That kid from The Sixth Sense could see dead people, but in this poem women can't even see a bunch of cows munching in a field. What's up with that? The poem uses sensory imagery to show us a world that—apparently—escapes women's notice. There is a whole poetic realm out there that is just passing them by. Wake up and smell the cows, ladies.
Lines 3-4: In these lines, we have the senses of taste (mmm..."dusty bread") and even touch, or confinement ("tight hot cell"). In both cases, women are content to have a pretty sub-par sensory experience. Who's up for a yuck sandwich in a cramped sauna? Women are, according to our speaker.
Line 5: You know, we bet if we lived on a farm, cows would soon blend right into the scenery. But our speaker seems bothered by women's inability to notice this poetic image. Their sense of sight is lacking.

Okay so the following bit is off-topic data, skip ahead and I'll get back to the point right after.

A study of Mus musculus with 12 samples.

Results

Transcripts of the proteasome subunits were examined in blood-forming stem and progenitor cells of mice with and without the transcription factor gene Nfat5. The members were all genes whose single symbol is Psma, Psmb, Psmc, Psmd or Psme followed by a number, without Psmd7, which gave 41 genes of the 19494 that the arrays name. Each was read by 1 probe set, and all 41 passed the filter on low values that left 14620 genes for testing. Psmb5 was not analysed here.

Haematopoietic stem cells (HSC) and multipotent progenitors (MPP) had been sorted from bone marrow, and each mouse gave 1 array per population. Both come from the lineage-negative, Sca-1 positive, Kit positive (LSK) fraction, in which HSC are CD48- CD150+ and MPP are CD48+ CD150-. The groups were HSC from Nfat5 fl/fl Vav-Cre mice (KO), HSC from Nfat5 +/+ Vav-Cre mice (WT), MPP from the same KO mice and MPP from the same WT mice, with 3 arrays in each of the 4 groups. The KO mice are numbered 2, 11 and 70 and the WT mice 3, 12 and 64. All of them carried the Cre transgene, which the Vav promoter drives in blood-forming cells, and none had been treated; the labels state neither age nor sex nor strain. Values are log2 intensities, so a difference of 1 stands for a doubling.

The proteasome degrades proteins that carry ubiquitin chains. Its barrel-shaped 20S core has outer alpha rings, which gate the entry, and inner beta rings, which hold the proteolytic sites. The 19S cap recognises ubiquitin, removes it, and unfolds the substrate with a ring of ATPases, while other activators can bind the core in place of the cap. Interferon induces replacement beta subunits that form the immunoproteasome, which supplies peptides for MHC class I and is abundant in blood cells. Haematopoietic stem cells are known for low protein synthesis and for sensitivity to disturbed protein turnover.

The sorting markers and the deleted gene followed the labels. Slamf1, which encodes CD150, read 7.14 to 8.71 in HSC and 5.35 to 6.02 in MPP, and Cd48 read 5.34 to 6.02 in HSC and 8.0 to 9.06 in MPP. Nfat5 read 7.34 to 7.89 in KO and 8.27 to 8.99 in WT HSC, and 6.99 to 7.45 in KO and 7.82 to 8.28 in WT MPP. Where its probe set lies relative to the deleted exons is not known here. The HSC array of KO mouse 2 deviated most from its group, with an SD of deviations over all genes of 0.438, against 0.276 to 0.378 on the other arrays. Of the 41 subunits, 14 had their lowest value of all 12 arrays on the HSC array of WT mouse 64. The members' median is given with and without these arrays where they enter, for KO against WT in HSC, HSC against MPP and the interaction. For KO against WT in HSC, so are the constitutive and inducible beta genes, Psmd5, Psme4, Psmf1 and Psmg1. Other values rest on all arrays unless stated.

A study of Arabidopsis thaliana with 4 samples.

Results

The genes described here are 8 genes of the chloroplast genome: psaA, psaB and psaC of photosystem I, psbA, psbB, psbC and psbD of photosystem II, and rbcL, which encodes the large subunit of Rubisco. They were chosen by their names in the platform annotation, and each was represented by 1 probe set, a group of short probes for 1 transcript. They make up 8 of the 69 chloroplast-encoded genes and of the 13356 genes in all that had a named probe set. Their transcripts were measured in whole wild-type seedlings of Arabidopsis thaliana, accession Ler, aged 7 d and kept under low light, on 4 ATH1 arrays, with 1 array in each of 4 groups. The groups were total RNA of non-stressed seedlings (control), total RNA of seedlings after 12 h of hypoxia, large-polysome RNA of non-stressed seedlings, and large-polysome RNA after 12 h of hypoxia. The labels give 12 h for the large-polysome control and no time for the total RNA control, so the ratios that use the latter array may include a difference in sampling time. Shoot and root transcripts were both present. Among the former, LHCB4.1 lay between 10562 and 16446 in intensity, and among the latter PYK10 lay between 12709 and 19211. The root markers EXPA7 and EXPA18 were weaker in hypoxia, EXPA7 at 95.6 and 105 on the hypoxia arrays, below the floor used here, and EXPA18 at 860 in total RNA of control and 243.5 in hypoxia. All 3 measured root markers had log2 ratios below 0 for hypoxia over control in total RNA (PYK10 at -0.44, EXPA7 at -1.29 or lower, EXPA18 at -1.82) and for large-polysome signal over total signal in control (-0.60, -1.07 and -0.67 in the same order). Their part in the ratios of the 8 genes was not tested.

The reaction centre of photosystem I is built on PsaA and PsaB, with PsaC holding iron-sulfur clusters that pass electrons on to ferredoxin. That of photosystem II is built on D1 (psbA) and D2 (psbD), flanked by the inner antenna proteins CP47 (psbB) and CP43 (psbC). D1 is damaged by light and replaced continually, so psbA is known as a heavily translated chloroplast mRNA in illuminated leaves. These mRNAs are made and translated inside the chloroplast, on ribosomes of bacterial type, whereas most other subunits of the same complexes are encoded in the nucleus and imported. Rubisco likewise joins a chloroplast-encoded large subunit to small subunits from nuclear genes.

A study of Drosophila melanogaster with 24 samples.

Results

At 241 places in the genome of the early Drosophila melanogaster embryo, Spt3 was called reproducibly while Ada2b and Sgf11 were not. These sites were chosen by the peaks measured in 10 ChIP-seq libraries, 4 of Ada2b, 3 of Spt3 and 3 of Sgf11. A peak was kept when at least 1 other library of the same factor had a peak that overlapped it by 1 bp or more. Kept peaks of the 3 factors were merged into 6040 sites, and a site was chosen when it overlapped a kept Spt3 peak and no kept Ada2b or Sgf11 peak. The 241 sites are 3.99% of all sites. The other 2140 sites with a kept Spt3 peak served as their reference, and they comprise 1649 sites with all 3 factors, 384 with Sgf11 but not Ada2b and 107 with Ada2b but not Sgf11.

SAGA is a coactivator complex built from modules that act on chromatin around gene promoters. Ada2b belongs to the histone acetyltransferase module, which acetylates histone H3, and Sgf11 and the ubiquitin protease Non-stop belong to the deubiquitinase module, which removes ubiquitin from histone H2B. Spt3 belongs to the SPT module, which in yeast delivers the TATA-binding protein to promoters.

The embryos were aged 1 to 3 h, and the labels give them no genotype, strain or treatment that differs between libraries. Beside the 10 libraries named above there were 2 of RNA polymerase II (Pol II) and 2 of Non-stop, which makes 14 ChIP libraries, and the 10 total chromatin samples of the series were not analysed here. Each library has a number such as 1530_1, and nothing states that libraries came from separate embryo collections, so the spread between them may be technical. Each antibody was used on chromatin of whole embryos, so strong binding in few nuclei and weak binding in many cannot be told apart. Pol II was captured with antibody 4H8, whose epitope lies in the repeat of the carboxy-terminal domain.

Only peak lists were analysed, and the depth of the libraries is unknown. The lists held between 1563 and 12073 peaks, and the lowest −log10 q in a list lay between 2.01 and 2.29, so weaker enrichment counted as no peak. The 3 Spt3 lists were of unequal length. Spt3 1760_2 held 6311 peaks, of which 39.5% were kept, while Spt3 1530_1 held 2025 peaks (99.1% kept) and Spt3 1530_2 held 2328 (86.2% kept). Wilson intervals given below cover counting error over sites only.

Lines 6-8: And it turns out they can't hear so well, either. Sure, the sound of snow water running through a ditch may not be in heavy rotation on your iTunes, but the speaker seems to be critiquing women's sense of hearing as a way to make a broader point about how they're not "tuned in" to the world around them.
Lines 17-18: Women should really get their hearing checked. At least, that seems to be the speaker's take on the matter. Once again, they mis-hear the world around them. And, once again, our speaker uses this to make a bigger point about how women are failing at life. To them, whispers turn into shouts. Now, ordinarily that would indicate some kind of super-hearing power, which would be cool. But taken in the context of the poem as a whole, this seems to be another example of how women miss the point and blow things out of proportion unnecessarily.